Renault F1 boss Cyril Abiteboul says McLaren had no interest in forming an extended technical partnership with the French team, preferring to rely on a simple customer relationship in the future like it will enjoy with Mercedes from 2021.
McLaren and engine supplier Renault will part ways at the end of next year when the Woking-based outfit reunites with former partner Mercedes.
Abiteboul says that Renault and McLaren were ultimately guided by different ambitions when it came to Formula 1's future, with the former seeking to broad its relationship with the latter by sharing extensive technical information, chassis parts and creating crucial synergies.
Abiteboul believed that joining forces with McLaren on several strategic and technical levels would have allowed the pair to tackle in a more united way the dominance of F1's front-runners, Mercedes, Ferrari and Red Bull.
"Our proposal was simply, 'how do we build the next journey together?" said Abiteboul, quoted by Formula1.com.
"They will be P4, we will be P4? I don’t know, but we are exactly at the same level and the key question for us is not to fight between us, it's how do we bridge the gap to the top teams?
"That was the single unique selling point of a renewed partnership together. There was no interest [from McLaren] – so be it.
"And it’s not a critique, it’s just that we had a certain ambition, really, to bring that relationship to a strategic level, which was maybe not really the expectation or the focus of McLaren at this point in their journey."
As F1 prepares to usher in a new era from 2021, McLaren is intent on safeguarding its independence, says Abiteboul.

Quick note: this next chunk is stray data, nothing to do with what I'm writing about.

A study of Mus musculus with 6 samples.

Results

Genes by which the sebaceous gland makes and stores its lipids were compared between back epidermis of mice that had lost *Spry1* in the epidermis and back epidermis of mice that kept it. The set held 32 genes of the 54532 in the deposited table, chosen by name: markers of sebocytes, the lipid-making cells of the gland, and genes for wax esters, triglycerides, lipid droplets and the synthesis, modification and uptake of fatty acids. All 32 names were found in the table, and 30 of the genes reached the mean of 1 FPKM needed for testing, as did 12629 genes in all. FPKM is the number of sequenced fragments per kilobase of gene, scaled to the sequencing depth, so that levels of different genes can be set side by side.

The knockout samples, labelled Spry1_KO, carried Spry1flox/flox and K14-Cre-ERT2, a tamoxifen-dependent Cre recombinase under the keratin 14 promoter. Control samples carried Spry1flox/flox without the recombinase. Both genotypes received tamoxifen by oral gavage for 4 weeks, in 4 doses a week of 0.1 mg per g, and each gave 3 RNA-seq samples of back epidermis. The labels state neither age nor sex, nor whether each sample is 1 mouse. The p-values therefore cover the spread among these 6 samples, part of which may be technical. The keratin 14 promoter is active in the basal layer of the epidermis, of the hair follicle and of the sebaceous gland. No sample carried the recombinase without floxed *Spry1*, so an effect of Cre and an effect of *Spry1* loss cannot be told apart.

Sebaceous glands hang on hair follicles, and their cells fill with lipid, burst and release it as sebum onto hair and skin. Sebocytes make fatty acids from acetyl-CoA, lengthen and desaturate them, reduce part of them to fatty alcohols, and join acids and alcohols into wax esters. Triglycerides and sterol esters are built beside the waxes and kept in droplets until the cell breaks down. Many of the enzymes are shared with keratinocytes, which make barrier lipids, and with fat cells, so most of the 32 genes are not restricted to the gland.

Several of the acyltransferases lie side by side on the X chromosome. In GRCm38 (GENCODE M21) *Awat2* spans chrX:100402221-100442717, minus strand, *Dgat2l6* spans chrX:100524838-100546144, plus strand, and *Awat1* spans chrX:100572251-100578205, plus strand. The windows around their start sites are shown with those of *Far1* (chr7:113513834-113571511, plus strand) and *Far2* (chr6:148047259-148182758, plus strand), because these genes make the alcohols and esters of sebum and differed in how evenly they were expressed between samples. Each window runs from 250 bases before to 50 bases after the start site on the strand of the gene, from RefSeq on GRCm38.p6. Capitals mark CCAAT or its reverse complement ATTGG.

"McLaren are simply looking for a very simple and straightforward customer relationship," added the Frenchman.
"Our proposal was very much more about a partnership in which we would share much more: lots of parts, engine integration, chassis installation.
"But not just that. For me, the objective of that relationship could have been to work on creating more synergies about equipment, about installation, about facilities, but also looking at the way that Formula 1 is going to evolve with standard parts, open-source parts, [and] prescriptive design parts."
Abiteboul believes his vision - partly inspired by the Haas team's business model and its collaboration with Ferrari - would have resulted in two teams stronger together than apart.
"I think we would have been stronger together on the business or approach of the partnership, so obviously without that we are weaker than what we could have been," he admitted.
"I accept that what we were proposing to McLaren was not necessarily unusual, but trying to be a bit more open-minded in the way that teams can cooperate. We’ve got the fantastic model of Haas and Ferrari, but could we manage to make it work again?
"It’s just a different model between two teams, but a lost opportunity."